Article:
Another round of storms moved across Arkansas on Thursday, bringing heavy rain, hail and high winds to a state already contending with three weeks of flooding and 10 tornadoes from a week ago.
The Searcy County Sheriff's Department said some residents in the small north Arkansas town of Leslie were evacuated because of flooding and the threat of mudslides. Workers were sandbagging in places to keep flood waters at bay. U.S. Highway 65 was covered with water in places. Travelers were asked to stay off the roads.
"It's just getting worse," sheriff's dispatcher Nola Massey said. "We're just trying to get everybody to stay home and not get
out in it."
Schools in Norfork closed at 9:15 a.m. because of flooding. Marshall schools were closed because of high water, and the Buffalo National River in north Arkansas was closed to recreational users. About 1,000 customers of Entergy Arkansas lost power as tornado sirens blared in parts of central Arkansas, including Little Rock.
Many roads in southern Lonoke County were flooded, including Arkansas 13 near Carlisle and Arkansas 31 between Blakemore and Coy. Stone County also reported flood damage and Arkansas 263 in Cleburne County was impassable. Part of Arkansas 9 in Izard County was flooded, along with many county roads.
A number of washouts were reported on county roads in Sharp County.
At Little Rock National Airport, flights were suspended for about 50 minutes when a tornado warning was issued for the area. T.J. Williams, that airport's manager of media and marketing, said 300-400 people were moved to safe places away from windows.
"We suspended everything for a while until the weather passed. Those who were on planes deboarded and were brought inside," Williams said.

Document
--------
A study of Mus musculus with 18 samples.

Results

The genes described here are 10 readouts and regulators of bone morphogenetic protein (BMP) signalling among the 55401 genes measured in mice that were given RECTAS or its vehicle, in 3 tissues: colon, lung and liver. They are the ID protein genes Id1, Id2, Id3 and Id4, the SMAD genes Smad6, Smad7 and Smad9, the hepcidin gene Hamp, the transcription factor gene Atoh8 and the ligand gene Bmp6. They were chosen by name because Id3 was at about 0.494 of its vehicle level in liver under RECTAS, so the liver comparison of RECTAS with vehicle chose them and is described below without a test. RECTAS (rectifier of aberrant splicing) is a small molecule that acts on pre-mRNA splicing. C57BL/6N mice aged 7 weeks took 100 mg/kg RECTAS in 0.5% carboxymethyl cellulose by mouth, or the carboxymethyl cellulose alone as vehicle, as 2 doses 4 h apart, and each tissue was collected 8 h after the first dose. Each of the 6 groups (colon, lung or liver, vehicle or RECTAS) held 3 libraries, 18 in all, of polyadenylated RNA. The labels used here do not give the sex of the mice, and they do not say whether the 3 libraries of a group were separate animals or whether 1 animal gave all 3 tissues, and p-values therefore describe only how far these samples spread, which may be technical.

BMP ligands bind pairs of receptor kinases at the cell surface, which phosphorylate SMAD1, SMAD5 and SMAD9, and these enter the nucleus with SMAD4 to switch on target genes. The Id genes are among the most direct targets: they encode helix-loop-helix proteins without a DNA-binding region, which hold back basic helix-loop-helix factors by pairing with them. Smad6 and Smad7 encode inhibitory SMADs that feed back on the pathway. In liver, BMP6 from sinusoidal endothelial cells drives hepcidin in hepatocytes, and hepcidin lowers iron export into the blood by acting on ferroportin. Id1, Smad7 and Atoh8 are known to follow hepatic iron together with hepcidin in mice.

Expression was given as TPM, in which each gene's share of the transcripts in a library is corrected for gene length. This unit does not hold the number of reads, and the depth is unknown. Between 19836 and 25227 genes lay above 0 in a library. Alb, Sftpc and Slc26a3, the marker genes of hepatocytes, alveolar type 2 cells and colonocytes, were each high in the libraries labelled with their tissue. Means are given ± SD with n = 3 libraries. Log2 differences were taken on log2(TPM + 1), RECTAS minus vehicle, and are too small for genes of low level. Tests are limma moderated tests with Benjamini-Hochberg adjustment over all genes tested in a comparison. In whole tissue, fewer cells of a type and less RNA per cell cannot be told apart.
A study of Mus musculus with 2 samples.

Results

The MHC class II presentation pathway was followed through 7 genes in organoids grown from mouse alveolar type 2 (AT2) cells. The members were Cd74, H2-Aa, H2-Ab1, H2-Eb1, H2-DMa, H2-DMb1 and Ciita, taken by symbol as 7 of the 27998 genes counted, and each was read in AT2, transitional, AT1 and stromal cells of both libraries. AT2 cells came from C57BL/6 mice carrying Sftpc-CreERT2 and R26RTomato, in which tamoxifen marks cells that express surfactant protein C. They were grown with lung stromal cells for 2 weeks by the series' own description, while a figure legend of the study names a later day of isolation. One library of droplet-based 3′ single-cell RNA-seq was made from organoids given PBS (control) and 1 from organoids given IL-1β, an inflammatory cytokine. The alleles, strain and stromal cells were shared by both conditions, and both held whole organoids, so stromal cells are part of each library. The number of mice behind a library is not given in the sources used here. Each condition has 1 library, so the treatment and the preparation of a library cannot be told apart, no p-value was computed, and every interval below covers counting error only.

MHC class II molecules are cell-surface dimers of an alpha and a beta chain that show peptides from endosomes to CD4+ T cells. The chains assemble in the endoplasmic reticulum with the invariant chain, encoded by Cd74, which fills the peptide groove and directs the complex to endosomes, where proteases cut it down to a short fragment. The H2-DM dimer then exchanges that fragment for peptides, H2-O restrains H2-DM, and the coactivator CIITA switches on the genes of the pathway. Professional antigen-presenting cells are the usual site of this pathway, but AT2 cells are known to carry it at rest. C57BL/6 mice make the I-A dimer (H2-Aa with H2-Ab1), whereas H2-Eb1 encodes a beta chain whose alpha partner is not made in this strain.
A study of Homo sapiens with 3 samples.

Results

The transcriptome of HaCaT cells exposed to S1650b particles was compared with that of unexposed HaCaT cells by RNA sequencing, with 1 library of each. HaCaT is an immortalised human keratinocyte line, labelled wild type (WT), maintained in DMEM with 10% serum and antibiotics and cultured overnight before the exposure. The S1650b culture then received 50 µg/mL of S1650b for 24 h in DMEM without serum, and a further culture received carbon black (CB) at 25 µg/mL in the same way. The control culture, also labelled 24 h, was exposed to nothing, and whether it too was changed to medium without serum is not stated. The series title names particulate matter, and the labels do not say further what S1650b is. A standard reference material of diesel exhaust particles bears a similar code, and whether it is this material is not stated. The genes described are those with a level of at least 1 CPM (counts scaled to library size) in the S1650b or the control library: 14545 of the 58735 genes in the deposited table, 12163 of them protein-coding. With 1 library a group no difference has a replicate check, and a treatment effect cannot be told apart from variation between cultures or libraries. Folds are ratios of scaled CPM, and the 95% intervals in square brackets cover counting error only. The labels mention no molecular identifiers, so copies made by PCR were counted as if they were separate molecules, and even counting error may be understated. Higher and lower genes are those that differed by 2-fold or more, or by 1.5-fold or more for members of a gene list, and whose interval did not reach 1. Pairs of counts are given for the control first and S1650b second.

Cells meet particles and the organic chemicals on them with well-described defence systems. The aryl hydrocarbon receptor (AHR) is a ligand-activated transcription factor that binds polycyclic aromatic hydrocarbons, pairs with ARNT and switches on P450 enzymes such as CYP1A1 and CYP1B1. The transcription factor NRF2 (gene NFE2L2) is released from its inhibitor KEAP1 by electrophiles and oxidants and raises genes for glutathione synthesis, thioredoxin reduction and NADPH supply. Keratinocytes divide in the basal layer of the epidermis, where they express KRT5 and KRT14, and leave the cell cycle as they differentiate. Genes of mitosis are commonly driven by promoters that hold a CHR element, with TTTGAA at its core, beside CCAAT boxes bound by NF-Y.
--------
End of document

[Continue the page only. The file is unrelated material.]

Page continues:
Most flights were back on schedule by early afternoon, and the airport reported no damage.
"It went incredibly well. The people were incredibly cooperative, and we all worked together and the event ended and we went on our way," Williams said.
Tornado warnings also were posted in several southwest Arkansas counties, including Columbia, Hempstead, Lafayette, Miller and Nevada.
"It's a two-headed monster this morning," National Weather Service forecaster John Lewis said Thursday, noting the flooding and threat of tornadoes.
Lewis said storms moving from Texas into Arkansas were setting the stage for possible twisters. "There is quite a lot of shear in the atmosphere, winds turning with height," Lewis said.
The Storm Prediction Center in Norman, Okla., said conditions were right for supercell thunderstorms to develop ahead of the storm line moving through Arkansas. Tornadoes could develop within those supercells, the center said.
"The one saving grace is that this is developing earlier, rather than later in the day," Lewis said. With less heating, the atmosphere will not become as volatile, he said.
Early Thursday, water covered U.S. Highway 65 at St. Joe and the Viola School District was closed because of high water. Seventy mile per hour winds were reported accompanying the rains as they moved in from the northwest.
In Saline County, residents spent a week picking up blown-off shingles and cleaning culverts after the 10 tornadoes roared through central Arkansas the night of April 3.
With the storms coming Thursday, county officials had a new request - to borrow residents' flat-bottom and inflatable boats.